But with free messaging apps already providing high quality voice and video calls, will consumers really care?

Robert Clark

April 15, 2022

3 Min Read
China Mobile preps world's first 5G VoNR service

China Mobile is preparing to launch the world’s first commercial 5G VoNR (voice over new radio) service on May 1.

It began a trial on April 12, promising a calling service with ultra-low latency, high definition image and one-click video.

VoNR, or Vo5G as it is sometimes called, is built on 5G standalone core network and IP Multimedia Subsystem (IMS).

Besides the premium call quality, it allows services such as screen sharing and remote collaboration, enabling consumers to watch videos or go shopping together. China Mobile has already deployed it for video-based cloud customer service for enterprise and government clients.

On the plus side, it’s a mobile-native service, requiring no app downloads. China Mobile's launch is supported by big handset players such as Oppo, Xiaomi, Honor and Huawei.

The main attraction for consumers is likely the pricing. Video calls will be charged per minute at the same rate as standard voice, with no data charge, so for most users, it will come at no extra cost.

VoNR killers

But there are ample grounds for skepticism. After all, telcos have ceded the voice and messaging market to social media and messaging apps with barely a shot.

This is especially true for China Mobile. Its Fetion messaging service grew to 200 million users following its debut back in 2007, but was quickly run over by the WeChat juggernaut..

In the 5G era, China Mobile and the two other state-run telcos have been trialing 5G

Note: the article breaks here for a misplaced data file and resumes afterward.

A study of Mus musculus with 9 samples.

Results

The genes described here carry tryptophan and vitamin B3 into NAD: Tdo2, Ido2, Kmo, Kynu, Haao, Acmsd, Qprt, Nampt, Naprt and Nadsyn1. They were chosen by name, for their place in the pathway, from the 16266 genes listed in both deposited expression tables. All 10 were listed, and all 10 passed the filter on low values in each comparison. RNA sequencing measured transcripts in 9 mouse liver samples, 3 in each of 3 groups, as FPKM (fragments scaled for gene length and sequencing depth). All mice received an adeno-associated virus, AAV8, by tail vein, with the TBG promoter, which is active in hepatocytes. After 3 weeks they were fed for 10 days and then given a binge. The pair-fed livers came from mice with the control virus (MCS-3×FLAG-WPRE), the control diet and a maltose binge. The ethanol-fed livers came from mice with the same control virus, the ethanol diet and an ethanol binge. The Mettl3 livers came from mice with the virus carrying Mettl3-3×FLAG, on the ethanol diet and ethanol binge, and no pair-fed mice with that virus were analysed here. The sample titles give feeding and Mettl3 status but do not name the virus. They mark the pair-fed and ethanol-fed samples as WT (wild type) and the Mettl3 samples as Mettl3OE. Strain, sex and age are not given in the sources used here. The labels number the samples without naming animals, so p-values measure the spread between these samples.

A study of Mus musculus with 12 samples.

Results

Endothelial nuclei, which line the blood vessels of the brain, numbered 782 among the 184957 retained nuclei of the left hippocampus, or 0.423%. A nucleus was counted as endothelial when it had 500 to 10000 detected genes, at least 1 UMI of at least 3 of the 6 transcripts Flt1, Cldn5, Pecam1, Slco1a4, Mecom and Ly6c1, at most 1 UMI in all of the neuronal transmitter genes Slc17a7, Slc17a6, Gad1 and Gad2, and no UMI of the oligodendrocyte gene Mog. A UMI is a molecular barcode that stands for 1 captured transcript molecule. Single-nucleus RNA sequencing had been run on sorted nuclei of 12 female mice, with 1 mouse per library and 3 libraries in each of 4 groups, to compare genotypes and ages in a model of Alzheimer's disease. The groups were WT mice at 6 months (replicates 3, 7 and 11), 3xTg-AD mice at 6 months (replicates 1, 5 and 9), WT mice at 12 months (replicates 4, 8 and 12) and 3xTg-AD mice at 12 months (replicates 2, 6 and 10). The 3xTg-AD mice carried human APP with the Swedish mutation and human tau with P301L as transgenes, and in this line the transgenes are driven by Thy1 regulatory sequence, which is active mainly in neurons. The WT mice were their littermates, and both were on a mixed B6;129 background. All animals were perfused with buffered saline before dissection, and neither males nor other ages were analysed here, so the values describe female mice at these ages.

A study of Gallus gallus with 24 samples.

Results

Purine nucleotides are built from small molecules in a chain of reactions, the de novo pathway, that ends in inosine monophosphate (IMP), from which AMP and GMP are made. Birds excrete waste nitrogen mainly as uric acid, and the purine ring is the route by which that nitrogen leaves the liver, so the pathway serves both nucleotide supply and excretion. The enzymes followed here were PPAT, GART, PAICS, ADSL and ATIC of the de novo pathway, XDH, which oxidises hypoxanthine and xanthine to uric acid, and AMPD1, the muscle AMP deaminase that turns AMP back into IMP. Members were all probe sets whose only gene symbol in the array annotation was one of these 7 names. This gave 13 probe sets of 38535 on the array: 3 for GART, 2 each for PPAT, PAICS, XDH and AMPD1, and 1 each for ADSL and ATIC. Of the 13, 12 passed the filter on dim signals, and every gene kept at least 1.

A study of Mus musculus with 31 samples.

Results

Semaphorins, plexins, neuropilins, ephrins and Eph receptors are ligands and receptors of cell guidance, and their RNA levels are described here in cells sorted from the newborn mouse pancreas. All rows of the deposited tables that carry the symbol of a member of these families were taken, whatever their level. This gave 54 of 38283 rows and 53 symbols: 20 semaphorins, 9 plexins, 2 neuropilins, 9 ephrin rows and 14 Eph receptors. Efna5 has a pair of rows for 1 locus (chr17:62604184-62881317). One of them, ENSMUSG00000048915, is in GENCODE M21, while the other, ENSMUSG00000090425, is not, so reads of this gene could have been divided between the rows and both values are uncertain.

messaging as the latest weapon against so-called over-the-top (OTT) voice services.

The RCS-based service has plenty of features yet it has barely made a ripple since China Telecom unleashed the first commercial service in January.

Most likely this is because it is charging users for every message sent. It may be just 0.10 yuan per message, but it's still a powerful disincentive. It doesn't help that customers can't connect with users on other networks.

That's not a problem for 5G VoNR. Chinese operators have agreed on an IMS interconnection between their networks.

But the new service does have two basic problems. Operators will be watching to see how China Mobile deals with them.

The first problem is pricing. If the service does take hold, will it be sustainable to sell premium 5G video calls as part of the customer's basic voice minutes package?

The other issue is simply customer demand for the suite of VoNR services. Is the advanced call quality and low latency enough to attract users away from their familiar WeChat video calls?

These may not be insurmountable. But for the meanwhile 5G VoNR smacks of smart technology in search of a problem to solve.



Robert Clark

Contributing Editor, Special to Light Reading

Robert Clark is an independent technology editor and researcher based in Hong Kong. In addition to contributing to Light Reading, he also has his own blog,  Electric Speech (http://www.electricspeech.com).